Celebrity divorces – particularly messy, scandal-ridden splits – always make good fodder for the international tabloids and the entertainment “news” shows. There’s no doubt that divorcing celebrities exist on a completely different plane than most of us, and although they most assuredly have emotional issues to deal with as their breakup progresses, they are not likely to suffer much financially. That’s not the case with the average couple contemplating divorce in the UK. Though we can’t speak to the emotional pain of ending a marriage, we can discuss some ways to minimise the financial stress associated with a parting of ways.
Be aware of the issues that divorcing couples face and must resolve
Although the UK divorce rate has fallen in recent years overall, the number of “silver splitters” – those aged 60 and older – is rising. And since older people have typically accumulated more assets, the financial aspects of divorce can be especially tricky. While theoretically more mature divorcees might be more comfortable starting over in a less-encumbered lifestyle than their younger counterparts, and thus not suffer the same level of emotional distress, figuring out an amicable way of dividing a lifetime’s worth of relationships, accumulated possessions, and tangible assets can be complicated – even devastating – to those who have long taken such things for granted. This is especially true where grandchildren are in the picture.
But younger couples have their share of tricky issues too, most notably if they have young children, especially if one parent has abandoned the workforce to stay home and care for the children. The issue is further complicated if there are shared accumulated debts, a joint mortgage, or other assets in which there is some equity value. In many cases, the partner who has the greater income will be required to assume responsibility for paying outstanding debts, as well as providing financial support for the partner whose earnings are smaller, and financial support for the couple’s children. Knowing what lies before you on the divorce path can help you to better prepare, and make the process less painful.
Be aware of effects on your credit going forward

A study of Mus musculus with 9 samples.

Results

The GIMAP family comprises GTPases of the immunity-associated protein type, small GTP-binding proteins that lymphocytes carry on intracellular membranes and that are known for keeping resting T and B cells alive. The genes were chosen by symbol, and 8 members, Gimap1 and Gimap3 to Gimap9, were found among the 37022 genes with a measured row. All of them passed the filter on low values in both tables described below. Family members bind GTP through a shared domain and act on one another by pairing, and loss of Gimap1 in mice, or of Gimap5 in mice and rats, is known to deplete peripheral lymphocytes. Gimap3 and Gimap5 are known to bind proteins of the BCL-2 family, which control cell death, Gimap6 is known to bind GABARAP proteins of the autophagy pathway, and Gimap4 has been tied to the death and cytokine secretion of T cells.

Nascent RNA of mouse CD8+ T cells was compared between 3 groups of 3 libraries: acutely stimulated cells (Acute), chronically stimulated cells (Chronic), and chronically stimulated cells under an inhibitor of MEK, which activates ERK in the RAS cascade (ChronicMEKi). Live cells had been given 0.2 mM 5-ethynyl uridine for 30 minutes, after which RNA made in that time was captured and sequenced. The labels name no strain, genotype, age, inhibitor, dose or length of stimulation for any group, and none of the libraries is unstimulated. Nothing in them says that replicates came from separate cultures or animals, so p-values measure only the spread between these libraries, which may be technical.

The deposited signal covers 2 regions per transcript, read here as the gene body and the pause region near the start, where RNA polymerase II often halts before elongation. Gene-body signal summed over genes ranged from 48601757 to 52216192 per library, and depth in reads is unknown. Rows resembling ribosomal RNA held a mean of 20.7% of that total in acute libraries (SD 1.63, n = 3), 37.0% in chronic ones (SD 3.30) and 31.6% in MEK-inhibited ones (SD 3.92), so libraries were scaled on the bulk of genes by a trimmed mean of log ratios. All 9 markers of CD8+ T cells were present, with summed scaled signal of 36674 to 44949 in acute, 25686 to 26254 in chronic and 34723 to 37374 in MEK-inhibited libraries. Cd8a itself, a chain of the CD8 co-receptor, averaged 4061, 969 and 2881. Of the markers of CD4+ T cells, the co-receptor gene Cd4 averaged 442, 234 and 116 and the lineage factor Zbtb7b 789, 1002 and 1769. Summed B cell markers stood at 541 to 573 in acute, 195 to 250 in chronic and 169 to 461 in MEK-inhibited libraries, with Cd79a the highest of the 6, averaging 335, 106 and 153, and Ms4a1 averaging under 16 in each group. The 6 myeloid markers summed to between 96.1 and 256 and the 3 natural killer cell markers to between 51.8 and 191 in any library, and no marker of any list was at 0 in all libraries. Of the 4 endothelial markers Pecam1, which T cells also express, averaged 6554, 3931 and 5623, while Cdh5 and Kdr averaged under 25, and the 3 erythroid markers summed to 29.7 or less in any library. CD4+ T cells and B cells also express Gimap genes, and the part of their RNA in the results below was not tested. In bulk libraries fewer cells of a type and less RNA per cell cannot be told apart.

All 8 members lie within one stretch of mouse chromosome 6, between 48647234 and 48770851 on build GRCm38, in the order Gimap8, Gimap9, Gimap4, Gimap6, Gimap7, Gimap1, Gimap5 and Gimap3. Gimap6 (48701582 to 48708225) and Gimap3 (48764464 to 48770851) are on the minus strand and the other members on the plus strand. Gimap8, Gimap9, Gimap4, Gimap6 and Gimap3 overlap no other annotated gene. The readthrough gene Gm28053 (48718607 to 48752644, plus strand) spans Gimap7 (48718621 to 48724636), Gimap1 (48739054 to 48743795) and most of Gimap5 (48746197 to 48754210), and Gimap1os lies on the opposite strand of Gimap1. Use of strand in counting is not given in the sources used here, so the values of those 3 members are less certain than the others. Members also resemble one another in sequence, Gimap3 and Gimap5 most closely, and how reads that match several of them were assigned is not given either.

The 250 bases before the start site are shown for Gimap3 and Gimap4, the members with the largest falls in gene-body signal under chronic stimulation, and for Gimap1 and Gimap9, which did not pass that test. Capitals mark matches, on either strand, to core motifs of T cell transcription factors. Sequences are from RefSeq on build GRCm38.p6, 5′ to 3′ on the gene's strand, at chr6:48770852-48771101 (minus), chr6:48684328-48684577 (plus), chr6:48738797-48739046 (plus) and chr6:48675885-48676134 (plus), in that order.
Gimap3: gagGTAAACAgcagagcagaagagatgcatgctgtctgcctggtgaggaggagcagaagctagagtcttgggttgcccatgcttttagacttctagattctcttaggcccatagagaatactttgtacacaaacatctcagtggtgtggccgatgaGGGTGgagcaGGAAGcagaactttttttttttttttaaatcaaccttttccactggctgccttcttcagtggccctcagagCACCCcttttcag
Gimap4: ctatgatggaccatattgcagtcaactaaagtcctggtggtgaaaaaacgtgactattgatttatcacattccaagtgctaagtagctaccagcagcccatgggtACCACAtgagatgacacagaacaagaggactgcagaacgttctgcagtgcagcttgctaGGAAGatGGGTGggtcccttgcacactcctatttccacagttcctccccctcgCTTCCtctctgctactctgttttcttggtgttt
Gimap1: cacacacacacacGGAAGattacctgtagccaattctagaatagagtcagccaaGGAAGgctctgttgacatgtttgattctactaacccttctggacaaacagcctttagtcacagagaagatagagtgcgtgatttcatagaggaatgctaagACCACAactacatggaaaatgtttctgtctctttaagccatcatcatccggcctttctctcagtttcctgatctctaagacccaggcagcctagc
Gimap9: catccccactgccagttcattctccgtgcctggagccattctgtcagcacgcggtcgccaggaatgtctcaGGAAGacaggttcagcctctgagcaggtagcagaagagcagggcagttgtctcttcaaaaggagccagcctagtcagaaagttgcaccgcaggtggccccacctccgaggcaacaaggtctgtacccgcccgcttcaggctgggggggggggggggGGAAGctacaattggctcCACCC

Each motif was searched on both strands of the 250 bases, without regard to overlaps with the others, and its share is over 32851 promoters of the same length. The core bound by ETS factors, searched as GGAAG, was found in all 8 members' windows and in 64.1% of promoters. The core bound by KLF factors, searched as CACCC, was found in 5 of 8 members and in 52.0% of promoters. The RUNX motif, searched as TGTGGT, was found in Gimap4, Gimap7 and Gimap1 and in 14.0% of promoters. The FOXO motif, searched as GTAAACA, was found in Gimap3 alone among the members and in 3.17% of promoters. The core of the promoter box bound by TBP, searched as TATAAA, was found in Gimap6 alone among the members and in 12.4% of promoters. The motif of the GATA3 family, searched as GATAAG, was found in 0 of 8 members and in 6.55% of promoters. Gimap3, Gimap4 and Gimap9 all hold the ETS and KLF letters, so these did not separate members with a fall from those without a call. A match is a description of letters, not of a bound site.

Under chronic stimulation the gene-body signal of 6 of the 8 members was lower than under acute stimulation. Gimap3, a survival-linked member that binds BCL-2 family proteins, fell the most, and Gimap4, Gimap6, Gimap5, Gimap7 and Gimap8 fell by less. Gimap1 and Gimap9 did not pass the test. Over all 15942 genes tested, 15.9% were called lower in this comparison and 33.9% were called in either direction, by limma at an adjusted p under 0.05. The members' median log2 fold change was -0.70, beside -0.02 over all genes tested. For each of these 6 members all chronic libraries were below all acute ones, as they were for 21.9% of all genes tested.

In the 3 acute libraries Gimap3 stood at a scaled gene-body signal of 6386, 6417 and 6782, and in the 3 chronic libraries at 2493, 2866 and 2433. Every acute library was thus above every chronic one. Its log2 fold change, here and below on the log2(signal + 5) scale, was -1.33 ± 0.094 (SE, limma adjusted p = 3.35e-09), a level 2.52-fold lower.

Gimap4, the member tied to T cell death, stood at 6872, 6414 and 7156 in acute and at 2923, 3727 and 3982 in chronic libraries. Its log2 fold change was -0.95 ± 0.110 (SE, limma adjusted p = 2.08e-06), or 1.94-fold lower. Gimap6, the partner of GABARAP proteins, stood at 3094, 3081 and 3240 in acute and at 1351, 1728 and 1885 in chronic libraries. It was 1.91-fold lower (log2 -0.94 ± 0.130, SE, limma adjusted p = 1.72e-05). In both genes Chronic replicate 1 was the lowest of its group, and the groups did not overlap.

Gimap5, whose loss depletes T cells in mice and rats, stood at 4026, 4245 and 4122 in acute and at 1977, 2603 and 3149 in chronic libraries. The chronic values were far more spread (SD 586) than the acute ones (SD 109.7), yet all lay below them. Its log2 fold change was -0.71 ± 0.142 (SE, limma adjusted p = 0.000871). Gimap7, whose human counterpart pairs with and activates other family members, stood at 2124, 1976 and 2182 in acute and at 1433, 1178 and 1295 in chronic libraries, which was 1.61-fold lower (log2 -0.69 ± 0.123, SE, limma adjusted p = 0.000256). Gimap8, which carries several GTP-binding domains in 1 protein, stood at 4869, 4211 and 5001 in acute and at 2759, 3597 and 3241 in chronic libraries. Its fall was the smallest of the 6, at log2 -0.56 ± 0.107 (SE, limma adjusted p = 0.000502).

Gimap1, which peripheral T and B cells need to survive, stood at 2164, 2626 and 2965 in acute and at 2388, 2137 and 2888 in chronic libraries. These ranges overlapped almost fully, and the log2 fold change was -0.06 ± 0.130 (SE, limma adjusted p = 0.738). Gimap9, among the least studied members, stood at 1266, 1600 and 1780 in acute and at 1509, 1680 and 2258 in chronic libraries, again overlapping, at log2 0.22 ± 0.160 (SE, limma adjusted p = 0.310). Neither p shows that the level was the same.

There’s no doubt that divorce can be financially as well as emotionally painful. But you have to look beyond the stress and pain and be practical. Now more than ever it is paramount to keep apprised of your credit report. You should check it often to have any errors corrected. You will also need to make sure that you and your former spouse’s files are actually separated in the credit reporting agencies’ files, because if one spouse has poor credit, it can and probably will reflect negatively on the spouse with good credit if the reports are not completely independent of each other.
If you’re the one with a poor rating, make it a priority going forward to build or rebuild your credit. Be careful about taking on debt. If you come to a point where you need a loan and you have bad or no credit, you have choices, but do your research and choose carefully. Fortunately, there are credit options for people with bad credit, but you will need to take the time to compare those options and select the one that best meets your needs. And once you have taken on a debt, if you will handle the debt responsibly and repay it on time and according to the terms of the loan, it can be a positive first step to strengthening your credit and making your fresh start less stressful.
Know all of your rights
Divorce can be a bewildering and complex undertaking, but it’s important that you go into it armed with information. The Citizens Advice page devoted to Ending a Marriage is a good resource, as it has links to pages that cover a range of topics of particular import to divorcing couples. Whether you intend to separate informally outside the court process, to formalise the split by drawing up a separation agreement, or officially end the marriage with a divorce, will depend greatly upon your unique situation. A few major considerations that will dictate how the split is handled include whether you have children, whether you have significant shared assets and liabilities (debts), and whether you can amicably divide the various possessions you have accumulated, both as a couple and prior to the marriage.
Neither the information on the Citizens Advice website nor that which is included in this article is offered as a replacement for competent legal advice, but the links can help you begin sorting things out so you can make the best choices and be better prepared to deal with the issues that will arise as you proceed with the split.
It would be dishonest to imply that ending an intimate relationship – especially a marriage – is going to be painless, but by being aware of the many details to which you must attend as you approach the split, you can make a difficult process as pain-free as possible.